Federal employees are mistaking official government emails for phishing scams after the OPM hack

Government HackingAPA chart of data breaches is shown on Capitol Hill in Washington, Tuesday, June 16, 2015.

The fallout following the highly publicized breach of millions of private documents from the Office of Personnel Management (OPM) has been huge. US citizens are losing trust in their government’s security posture as more details arise.

Worse, federal employees are worried about their safety, given that China allegedly heisted millions of their personal documents from a thought-to-be-safe server.

How deep does this federal mistrust run? The OPM has been trying to send vital information to its hundreds of thousands of employees, and many mistook these emails for malicious phishing campaigns, the Washington Post reports.

According to the Post, the OPM has been trying to alert federal employees of the breach via a series of emails that contain a link to sign up for third-party credit monitoring services. The Defence Department reportedly “raised a red flag” about these emails, which ultimately caused the the agency to halt its email notification program.

The problem was that these emails could have easily been from a hacker trying to phish information from employees. It was impersonal and contained an unknown link to a non-government website.

The OPM’s tactic to inform federal employees about the breach via an email with an unknown link is wrought with irony. For one, it’s usual company protocol to not open unknown emails and definitely not to click on unknown links.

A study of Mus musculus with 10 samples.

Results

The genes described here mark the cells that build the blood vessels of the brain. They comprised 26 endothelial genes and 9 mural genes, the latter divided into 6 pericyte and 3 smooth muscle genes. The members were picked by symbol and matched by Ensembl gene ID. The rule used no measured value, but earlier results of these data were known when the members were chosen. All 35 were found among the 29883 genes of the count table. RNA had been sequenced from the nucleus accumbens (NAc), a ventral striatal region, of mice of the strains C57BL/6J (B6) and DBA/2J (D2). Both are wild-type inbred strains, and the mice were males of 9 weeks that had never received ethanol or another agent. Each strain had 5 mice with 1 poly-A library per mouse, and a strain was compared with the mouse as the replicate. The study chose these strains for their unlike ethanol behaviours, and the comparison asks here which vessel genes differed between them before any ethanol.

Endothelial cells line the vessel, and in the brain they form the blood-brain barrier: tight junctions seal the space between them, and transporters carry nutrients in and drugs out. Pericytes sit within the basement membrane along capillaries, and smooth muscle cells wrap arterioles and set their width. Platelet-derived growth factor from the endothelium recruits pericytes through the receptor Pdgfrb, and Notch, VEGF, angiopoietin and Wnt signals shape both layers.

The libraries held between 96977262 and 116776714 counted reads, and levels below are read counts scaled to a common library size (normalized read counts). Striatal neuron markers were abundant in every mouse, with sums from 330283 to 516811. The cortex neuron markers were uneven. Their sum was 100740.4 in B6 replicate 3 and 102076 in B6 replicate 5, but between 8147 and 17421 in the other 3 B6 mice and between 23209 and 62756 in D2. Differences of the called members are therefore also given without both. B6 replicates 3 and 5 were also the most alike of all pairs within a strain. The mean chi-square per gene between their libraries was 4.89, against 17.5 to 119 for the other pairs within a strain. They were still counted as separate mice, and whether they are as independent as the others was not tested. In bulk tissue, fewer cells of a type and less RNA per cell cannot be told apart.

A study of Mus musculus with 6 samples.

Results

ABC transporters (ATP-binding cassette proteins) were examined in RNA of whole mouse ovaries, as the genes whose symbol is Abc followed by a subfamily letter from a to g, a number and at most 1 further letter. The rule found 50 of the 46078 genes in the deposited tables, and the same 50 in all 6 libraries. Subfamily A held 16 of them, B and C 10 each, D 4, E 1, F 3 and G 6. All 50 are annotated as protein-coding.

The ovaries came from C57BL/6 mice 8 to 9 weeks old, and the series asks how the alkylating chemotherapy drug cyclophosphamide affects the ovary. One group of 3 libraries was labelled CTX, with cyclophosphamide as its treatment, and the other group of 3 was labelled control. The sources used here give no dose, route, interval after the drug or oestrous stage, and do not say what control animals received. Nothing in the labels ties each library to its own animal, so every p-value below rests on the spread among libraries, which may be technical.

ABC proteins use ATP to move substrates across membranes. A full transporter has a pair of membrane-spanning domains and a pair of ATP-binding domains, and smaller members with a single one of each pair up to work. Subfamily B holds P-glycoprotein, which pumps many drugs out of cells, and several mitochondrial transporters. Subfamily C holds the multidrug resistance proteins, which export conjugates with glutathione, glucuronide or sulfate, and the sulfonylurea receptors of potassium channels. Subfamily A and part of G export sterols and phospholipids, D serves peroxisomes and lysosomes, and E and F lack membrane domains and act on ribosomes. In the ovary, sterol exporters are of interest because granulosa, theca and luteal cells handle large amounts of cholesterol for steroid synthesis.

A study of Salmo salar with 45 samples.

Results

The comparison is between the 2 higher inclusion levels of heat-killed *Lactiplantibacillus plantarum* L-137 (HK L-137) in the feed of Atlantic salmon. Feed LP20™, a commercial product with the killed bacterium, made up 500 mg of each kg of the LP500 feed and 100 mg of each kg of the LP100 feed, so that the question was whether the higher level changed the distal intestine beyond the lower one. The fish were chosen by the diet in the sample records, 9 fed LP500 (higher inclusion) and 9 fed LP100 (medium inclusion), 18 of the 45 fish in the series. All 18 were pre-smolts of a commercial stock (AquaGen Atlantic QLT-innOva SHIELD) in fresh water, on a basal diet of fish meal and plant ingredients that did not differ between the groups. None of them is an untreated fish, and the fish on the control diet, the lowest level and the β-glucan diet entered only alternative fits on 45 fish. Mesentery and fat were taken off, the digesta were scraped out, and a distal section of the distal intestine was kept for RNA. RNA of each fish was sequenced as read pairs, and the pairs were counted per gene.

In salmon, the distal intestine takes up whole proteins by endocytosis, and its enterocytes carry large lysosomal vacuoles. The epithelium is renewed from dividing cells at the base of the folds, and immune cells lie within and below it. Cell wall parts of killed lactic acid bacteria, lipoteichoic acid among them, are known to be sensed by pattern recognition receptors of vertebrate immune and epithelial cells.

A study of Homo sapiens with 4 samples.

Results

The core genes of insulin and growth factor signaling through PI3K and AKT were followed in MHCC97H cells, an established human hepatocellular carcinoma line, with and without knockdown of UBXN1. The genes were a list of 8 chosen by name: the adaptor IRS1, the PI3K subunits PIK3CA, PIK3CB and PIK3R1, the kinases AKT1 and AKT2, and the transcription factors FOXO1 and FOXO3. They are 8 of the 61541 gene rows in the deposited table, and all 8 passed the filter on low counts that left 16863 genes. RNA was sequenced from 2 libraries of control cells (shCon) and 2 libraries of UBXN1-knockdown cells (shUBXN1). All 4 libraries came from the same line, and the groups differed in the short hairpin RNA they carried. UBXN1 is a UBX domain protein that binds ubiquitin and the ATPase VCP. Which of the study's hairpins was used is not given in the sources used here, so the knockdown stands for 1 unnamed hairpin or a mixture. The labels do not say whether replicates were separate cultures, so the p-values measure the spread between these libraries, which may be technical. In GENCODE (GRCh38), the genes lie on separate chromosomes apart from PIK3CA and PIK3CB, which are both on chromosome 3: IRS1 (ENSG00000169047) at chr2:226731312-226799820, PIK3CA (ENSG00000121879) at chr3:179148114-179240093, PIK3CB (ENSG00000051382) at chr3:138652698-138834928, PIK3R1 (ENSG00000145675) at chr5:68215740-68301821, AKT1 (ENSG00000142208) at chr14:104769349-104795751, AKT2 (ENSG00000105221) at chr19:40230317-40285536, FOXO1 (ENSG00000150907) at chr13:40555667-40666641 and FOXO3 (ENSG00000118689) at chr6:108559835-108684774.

U.S. Office of Personnel ManagementREUTERS/Gary CameronAn employee of the U.S. Office of Personnel Management departs the building during the lunch hour in Washington June 5, 2015.

In fact, many federal employees received cybersecurity training telling them to not do such things as opening links and downloading attachments.

As Lorenzo Hall, chief technologist at the Center for Democracy & Technology, told the Post, these emails are like “sending a postcard to people saying gee, you just got hacked, go to this website. The hackers could wise up and send their own set of fake identity protection emails and get into your computers all over again.”

An OPM spokesman said that the agency is implementing new protocol to make the email notifications look more legitimate. The emails will now contain a non-hyperlinked link to copy and paste into a new browser, as well as the ability to sign up for the credit monitoring services via email.

Even so, the OPM is still being lambasted for its perceived ineptitude. “Even when they try to clean it up, they’re getting it wrong,” said the ACLU’s Christopher Soghoian to the Post. “A policy saying don’t send clickable links to employees is not rocket science. It’s cybersecurity 101.”